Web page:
LET ME SEGUE INTO A PHENOMENON that I have come to call Jewish Geography. It is a feeling of connectedness that I feel to some of the Jews whom I encounter in my life’s journey. This feeling of connectedness may arise because the people are somehow related to me or they are relatives of friends. Even if a connection isn’t readily apparent, it feels as if there should be one. Perhaps this comes from being a descendant of the Ba’al Shem Tov, whose teachings touched so many Jewish lives.
My sense of Jewish Geography began in 1973. Bob Gordon, one of the founders of Action for Soviet Jewry, was a speaker at a Passover sedar at Temple Beth El In Sudbury, Massachusetts, and he brought along a Russian family that had recently immigrated to the United States. The father was a refusnik, who had spent part of his life in a gulag in Siberia. (Refusniks were Jews who were imprisoned, harassed, and/or denied the right to work under the false guise of national security simply because they had requested permission to emigrate from the Soviet Union.) This refusnik was Naum Mandel.
In an emotional speech in Russian, Naum addressed the sedar participants and Bob translated. Naum was pouring out his sense of loss of Mother Russia and what it meant to be free in a new land.
Less than a year later, my uncle Yitzchok (Rabbi Samuel Israel Korff), Baruch’s oldest brother, called the family together and announced that he had found a Russian cousin, a rabbi who had gotten out of Russia and was now living in Israel with his family. Yitzchok then introduced us to the rabbi and his daughter Nava.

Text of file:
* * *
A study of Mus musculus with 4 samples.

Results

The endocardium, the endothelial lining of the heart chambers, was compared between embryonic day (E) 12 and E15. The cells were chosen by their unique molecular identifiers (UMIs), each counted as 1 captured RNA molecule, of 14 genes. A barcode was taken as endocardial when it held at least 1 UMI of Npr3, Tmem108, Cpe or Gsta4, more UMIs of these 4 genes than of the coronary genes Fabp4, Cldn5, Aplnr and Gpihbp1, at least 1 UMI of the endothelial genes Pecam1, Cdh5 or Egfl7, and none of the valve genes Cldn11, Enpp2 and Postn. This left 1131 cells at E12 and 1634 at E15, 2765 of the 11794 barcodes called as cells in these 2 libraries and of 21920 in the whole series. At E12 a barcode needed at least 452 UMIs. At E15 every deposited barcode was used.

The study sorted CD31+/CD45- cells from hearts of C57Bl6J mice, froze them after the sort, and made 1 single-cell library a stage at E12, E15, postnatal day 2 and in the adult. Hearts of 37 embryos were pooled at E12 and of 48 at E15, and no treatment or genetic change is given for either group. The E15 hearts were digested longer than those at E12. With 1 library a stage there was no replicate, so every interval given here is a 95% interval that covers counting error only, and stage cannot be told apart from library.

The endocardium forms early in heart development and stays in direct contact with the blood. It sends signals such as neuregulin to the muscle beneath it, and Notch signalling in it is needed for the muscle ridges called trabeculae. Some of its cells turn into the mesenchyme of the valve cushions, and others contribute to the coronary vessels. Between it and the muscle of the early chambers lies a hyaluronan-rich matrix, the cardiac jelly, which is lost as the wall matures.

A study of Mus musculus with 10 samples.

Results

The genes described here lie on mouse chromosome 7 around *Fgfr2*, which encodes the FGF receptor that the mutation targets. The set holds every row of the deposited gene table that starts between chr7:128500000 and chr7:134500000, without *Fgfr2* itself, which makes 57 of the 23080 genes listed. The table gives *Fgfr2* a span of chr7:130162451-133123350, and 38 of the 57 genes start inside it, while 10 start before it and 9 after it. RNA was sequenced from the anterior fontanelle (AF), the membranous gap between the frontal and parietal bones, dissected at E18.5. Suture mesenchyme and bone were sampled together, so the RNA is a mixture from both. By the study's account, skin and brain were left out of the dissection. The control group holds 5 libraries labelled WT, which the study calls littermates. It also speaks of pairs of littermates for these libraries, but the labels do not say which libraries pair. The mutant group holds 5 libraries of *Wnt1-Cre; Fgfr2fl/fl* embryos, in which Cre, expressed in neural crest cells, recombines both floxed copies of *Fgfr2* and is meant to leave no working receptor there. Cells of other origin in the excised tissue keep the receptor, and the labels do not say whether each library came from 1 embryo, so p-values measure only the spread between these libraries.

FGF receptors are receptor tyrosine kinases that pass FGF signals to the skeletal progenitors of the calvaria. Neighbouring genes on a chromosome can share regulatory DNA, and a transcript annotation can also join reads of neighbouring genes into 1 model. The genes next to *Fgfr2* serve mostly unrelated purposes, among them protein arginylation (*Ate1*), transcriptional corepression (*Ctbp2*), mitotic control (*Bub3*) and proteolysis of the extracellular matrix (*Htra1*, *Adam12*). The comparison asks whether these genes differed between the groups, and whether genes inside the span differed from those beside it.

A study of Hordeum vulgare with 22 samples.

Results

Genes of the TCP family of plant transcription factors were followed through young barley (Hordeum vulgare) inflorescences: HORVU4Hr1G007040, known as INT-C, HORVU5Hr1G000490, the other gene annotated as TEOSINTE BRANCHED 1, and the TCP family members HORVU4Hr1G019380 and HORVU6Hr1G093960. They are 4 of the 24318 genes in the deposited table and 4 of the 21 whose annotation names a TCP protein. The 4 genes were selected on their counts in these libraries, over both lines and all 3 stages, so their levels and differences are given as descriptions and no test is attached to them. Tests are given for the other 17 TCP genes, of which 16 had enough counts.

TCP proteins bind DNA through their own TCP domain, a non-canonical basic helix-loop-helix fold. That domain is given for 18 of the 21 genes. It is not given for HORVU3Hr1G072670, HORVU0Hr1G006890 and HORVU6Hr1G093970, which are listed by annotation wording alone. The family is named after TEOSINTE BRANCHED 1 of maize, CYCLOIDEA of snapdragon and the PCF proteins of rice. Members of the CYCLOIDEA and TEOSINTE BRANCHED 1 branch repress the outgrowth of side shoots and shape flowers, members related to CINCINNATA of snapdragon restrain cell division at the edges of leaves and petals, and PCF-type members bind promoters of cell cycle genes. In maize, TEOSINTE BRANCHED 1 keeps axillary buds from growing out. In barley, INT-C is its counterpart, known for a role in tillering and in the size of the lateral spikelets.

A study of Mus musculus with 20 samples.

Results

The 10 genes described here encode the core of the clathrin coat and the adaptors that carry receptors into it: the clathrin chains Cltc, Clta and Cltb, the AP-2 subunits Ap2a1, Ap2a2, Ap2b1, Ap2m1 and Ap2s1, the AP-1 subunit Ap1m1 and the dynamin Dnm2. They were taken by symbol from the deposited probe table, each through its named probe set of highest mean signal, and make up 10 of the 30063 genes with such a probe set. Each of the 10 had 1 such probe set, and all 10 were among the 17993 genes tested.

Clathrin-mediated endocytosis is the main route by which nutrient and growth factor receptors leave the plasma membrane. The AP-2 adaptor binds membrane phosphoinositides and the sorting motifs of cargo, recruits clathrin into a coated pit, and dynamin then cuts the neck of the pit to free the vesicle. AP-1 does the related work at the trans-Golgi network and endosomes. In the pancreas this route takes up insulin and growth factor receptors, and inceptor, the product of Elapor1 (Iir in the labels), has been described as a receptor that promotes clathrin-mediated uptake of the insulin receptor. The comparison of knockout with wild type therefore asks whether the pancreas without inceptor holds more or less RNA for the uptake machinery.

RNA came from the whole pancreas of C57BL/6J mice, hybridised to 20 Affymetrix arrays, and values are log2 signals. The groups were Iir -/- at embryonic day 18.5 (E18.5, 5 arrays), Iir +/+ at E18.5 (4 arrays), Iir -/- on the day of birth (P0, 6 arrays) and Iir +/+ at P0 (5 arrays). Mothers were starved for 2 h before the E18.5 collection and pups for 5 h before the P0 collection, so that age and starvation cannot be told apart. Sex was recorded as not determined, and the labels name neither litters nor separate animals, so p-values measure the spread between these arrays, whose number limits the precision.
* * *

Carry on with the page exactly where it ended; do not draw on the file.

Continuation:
Nava told us that we had another cousin in America who had recently immigrated but she didn’t know how to find him. She said the cousin was a famous Russian poet. So I started describing Naum, and she said, “that may be him.” So I called our rabbi, who gave me the number of the person who organized the sedar, and eventually I was able to track down Naum. Our Russian guest spoke to Naum’s wife Luba, and she started screaming, “Where are you, where are you?”
Naum and his family were about three miles away. We were in Newton; they were in Brookline. So we piled into my big Chrysler station wagon and went out to retrieve Naum, along with Luba (who was his second wife) and their daughter, and we brought them back to Yitzchok’s house. It was a joyful, unexpected family reunion. We were speaking in a cacophony of languages: Hebrew, Yiddish, Russian, English, and French.
In 1975, my mother decided to go to the Soviet Union, and Naum asked her to bring some things to his friends and to his daughter Lena by his first wife, Vaila. In Leningrad, my mother met Lena and her fiancé, Victor Taratuta, a budding physicist. A few months later, Victor received a visa to the United States and Yitchok’s son, David Korff, arranged for him to enroll as a student in the physics department at Lowell Tech (now the University of Massachusetts at Lowell). My mother made all the preparations for the wedding.
Anyway, in Ukraine, Naum’s friend Ritali, not only gave me a picture of Naum as a young man, but he filled in Naum’s history for me, what it was like to live as a Jewish dissident under Soviet rule.